Shine Ali doesn’t scare easily. If he did, he would not be with his band in a basement studio in Nairobi, rapping lyrics that challenge the Islamist rebels who control much of his homeland, Somalia — and whose reach extends deep into the Kenyan capital.
Ali is well aware of the risks he is running. Three years ago, members of militant group al-Shabaab broke into his home in Nairobi’s Eastleigh neighborhood and shot him.
“They said: ‘Your message is anti-jihad. You are telling the youth to give up jihad,’” the 29-year-old said in halting English.
Ali edged down his baggy checked shorts, pulled up his hooded sweatshirt and showed a scar on his right hip. He had another one on his left arm.
“When they shot me, I knew that if I stopped the music, they would win, but if I continued, my power would win,” he said.
Ali is a founding member of Waayaha Cusub, an 11-member hip-hop group that includes Somalians, Kenyans, an Ethiopian and a Ugandan. The band is, in its composition, a defiant challenge to the al-Qaeda-linked rebels of al-Shabaab and to the thorny political realities of the Horn of Africa.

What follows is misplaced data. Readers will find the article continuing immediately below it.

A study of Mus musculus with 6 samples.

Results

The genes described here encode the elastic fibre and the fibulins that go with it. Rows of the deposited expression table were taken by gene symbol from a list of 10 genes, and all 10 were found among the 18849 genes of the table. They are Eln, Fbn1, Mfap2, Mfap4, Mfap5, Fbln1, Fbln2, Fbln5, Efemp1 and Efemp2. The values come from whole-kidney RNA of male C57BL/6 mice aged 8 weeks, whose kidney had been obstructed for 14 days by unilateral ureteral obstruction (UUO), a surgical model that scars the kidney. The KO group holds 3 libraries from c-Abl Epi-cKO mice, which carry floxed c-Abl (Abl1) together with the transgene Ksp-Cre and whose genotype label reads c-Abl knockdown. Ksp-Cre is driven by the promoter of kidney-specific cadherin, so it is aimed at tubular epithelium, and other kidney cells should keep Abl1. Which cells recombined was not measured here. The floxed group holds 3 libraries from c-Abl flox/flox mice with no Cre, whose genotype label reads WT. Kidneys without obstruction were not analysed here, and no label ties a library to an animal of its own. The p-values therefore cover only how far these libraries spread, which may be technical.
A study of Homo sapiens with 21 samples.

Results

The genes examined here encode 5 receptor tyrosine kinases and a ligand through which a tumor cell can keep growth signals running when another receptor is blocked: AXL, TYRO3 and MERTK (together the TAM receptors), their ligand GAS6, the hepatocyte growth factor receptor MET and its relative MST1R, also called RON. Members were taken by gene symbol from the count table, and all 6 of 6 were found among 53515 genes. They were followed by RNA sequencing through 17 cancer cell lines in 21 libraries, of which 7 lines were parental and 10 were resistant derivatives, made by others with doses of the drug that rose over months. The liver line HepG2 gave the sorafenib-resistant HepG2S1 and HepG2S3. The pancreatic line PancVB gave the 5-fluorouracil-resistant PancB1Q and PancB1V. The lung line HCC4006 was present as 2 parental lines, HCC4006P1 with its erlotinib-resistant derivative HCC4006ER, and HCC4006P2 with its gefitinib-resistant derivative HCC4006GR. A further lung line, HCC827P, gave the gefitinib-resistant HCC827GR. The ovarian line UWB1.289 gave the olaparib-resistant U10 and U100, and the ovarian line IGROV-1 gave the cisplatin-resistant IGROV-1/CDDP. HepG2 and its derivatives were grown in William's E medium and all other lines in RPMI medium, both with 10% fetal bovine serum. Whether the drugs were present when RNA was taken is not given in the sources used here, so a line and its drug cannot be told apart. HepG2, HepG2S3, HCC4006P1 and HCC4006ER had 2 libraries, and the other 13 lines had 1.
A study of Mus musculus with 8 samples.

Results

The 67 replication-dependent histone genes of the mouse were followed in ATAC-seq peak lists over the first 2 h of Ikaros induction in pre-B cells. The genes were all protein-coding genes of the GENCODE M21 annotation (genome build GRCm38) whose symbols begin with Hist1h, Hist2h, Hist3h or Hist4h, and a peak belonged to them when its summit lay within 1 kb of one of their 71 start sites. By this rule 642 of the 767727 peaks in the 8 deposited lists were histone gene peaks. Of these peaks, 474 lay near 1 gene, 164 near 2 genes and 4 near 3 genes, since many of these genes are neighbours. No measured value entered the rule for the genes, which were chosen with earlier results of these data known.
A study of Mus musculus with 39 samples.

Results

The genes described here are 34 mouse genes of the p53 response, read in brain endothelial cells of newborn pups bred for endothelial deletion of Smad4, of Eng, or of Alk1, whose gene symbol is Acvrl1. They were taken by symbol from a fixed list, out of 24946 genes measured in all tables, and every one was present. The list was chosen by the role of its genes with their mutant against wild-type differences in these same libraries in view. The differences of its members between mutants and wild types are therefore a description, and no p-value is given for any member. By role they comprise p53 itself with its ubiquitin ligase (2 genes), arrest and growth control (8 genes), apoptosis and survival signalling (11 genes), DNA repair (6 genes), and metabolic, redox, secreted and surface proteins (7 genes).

He started Waayaha Cusub, which can be translated as New Era or New Dawn, in 2004. They have produced several albums since then as well as making waves with the 2010 song No to al-Shabaab.
Waayaha Cusub’s songs are recorded in Nairobi, but find their way home on pirated CDs, and through the radio and Internet. As well as calling for peace and condemning al-Shabaab, the band deal with traditionally taboo subjects such as AIDS and clan rivalries.
Ali and his group have angered conservatives with their lyrics and because their videos show women dressed in trousers and dancing.
One of their female singers was slashed across the face in Nairobi a few years ago and is still in hiding. In the concrete-floored studio lined with the bottoms of cardboard egg boxes, Ali and fellow singers in the band, Lixle Dikriyow and Burhan Ahmed, belt out lyrics from a new song about piracy. Two women, wearing headscarves and long skirts, sit silently in a corner. They will join in later.
Other members of the band were too afraid to come to the rehearsal.
Ali, who was born in central Somalia, came to Nairobi when he was a child, joining hundreds of thousands of people fleeing decades of violence that started when warlords overthrew former Somalian president Mohamed Siad Barre after more than 21 years in power.
However, the Kenyan capital is no longer the haven it once was.
“Nairobi or Mogadishu: It is the same now,” Ali said.
He knows what he does is risky, but said that the only way to fight the Islamist group was by raising awareness among the Somali youth.
He tapped his head to make his point.
“Awareness,” he said. “These youth have bad ideology. If we give them good ideology, talk to them about life, marriage, children ... If we show them these things, we can stop them.”
“You cannot fight someone who wants to die, you can only save them,” he said.